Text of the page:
The links in the post below may be affiliate links. For more information, please read our disclosure
College, for me, was an amazing and rewarding experience – both academically and personally. It was also an expensive experience. And I quickly became creative in finding ways to save money! College textbooks, for example, sometimes cost well over $100 each! This is a lot of money for a starving student! The most common ways to save money on textbooks is by buying used or renting them, but here are some other creative ways to save money on college textbooks.
Contact Your Professors Before the Semester Starts
The first thing you’ll want to do to help you save money on textbooks is contact your professors before classes start. You’ll want to ask them for the syllabus. Why, you ask? This way you have more time to shop for the lowest priced option on your textbooks or set out a plan to use the ideas below.
As a bonus, you could also get started on your assignments early, lightening your load some. For me, this led several of my professors to believe I was extra brainy…little did they know why I was asking 🙂
Buy Past Editions of Your Textbooks
For several math classes and a political science class, I bought an older edition of the current textbook than what the rest of the class was using. I don’t mean the used version, I mean if the rest of the class is using the 5th edition, I was using the 4th edition. The biggest difference was that some of the chapters were in different pages than in the current book so I had to search for the right pages. Other than that, the chapters were usually verbatim. I recommend, buying one edition back. If your class is using the 5th edition, I don’t recommend buying the 1st edition, but the 4th should work just fine. Sometimes these editions are hard to find, but, when available, they can be pretty cheap!
Borrow From the Public Library
In English Literature class, for example, I never bought the book. We were reading classics. The thing about classics is that they’ve been around for a while and are popular. Rather than buying the textbook for the class, which contained all we would read, I got a library card and checked out a bunch of books from the public library – if you’re away at college, your college ID should help you get a library card. This took some work because I had to look for each piece individually, but it was worth the savings. And, if you have an ereader or tablet, many classics are now available as free digital downloads from most libraries and even major book sellers.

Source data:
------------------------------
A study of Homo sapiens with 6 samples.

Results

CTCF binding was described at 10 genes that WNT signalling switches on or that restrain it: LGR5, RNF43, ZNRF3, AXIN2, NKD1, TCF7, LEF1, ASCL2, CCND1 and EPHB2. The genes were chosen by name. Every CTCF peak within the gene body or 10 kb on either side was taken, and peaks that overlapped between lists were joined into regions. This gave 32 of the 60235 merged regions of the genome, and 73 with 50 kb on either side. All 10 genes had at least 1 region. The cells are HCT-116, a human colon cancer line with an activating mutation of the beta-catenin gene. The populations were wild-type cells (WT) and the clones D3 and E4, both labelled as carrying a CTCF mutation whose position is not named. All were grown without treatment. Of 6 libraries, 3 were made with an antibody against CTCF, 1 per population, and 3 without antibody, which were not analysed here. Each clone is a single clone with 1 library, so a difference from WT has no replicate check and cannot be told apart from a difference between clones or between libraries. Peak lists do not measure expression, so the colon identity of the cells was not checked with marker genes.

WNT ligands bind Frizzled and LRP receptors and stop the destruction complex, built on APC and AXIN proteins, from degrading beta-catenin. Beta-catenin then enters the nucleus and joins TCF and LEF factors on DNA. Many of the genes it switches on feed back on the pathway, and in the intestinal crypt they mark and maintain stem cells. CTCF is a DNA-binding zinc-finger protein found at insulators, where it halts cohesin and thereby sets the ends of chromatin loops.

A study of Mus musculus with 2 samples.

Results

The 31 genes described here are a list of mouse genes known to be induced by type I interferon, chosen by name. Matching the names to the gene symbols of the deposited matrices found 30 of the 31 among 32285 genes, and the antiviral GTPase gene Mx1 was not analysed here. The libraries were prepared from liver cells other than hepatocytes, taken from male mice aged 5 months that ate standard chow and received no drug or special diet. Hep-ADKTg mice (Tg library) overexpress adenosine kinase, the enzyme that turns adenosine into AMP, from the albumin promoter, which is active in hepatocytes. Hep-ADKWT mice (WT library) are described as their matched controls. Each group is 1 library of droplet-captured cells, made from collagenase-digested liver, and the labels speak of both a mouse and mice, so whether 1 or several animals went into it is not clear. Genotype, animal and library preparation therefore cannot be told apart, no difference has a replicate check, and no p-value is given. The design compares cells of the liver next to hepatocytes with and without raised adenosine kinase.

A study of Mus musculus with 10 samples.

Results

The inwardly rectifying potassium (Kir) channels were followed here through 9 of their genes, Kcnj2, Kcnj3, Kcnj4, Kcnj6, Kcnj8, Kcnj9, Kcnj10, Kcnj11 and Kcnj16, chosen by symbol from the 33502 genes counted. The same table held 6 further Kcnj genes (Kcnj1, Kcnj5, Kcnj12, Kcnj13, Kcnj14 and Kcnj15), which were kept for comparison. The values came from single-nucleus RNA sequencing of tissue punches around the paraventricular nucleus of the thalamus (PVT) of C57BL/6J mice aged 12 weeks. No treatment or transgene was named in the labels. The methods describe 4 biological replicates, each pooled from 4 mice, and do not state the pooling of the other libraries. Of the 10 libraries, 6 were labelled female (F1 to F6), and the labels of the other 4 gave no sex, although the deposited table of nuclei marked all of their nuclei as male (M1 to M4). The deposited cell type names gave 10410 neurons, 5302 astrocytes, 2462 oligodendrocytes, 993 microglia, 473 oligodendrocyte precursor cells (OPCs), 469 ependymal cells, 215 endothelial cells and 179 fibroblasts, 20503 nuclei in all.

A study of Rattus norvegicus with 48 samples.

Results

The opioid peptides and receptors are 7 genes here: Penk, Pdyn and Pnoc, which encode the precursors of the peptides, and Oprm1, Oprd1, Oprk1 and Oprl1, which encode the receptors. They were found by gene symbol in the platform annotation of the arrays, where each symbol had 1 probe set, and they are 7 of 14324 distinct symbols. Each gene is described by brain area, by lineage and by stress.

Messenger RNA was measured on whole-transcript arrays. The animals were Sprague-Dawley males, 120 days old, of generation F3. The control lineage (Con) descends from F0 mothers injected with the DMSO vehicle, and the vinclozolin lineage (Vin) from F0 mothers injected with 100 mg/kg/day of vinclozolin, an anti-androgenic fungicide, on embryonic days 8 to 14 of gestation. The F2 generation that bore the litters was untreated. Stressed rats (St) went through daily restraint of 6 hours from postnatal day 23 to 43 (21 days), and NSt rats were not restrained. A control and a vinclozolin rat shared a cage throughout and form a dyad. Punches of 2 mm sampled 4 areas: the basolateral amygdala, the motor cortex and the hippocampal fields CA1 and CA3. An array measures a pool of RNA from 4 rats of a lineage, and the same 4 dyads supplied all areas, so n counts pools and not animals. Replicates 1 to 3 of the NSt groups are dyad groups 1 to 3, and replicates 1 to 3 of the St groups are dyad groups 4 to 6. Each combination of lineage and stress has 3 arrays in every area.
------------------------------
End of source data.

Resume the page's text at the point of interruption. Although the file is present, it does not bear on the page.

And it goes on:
Share a Textbook
Chances are that you have a friend that you usually study with. If you happen to be taking the same course, ask them if they want to team up on buying the textbook. I was only able to do this a couple of times, but each time it was a big savings. Bonus points if your study buddy is a brainiac and writes great notes in the textbook!
Talk With Your Professor
Professors are people too and many are passionate about higher education – hence why they’re there. If you prove yourself to be a good student, but are struggling, some may have an extra copy of the textbook they may be willing to lend. I don’t recommend bouncing up to your professor on the first day of class and asking for a textbook, but instead meet with them privately, establish a relationship and explain your situation – they may have options that can help you. This is called networking, by the way, and creating these relationships will also help you throughout your career.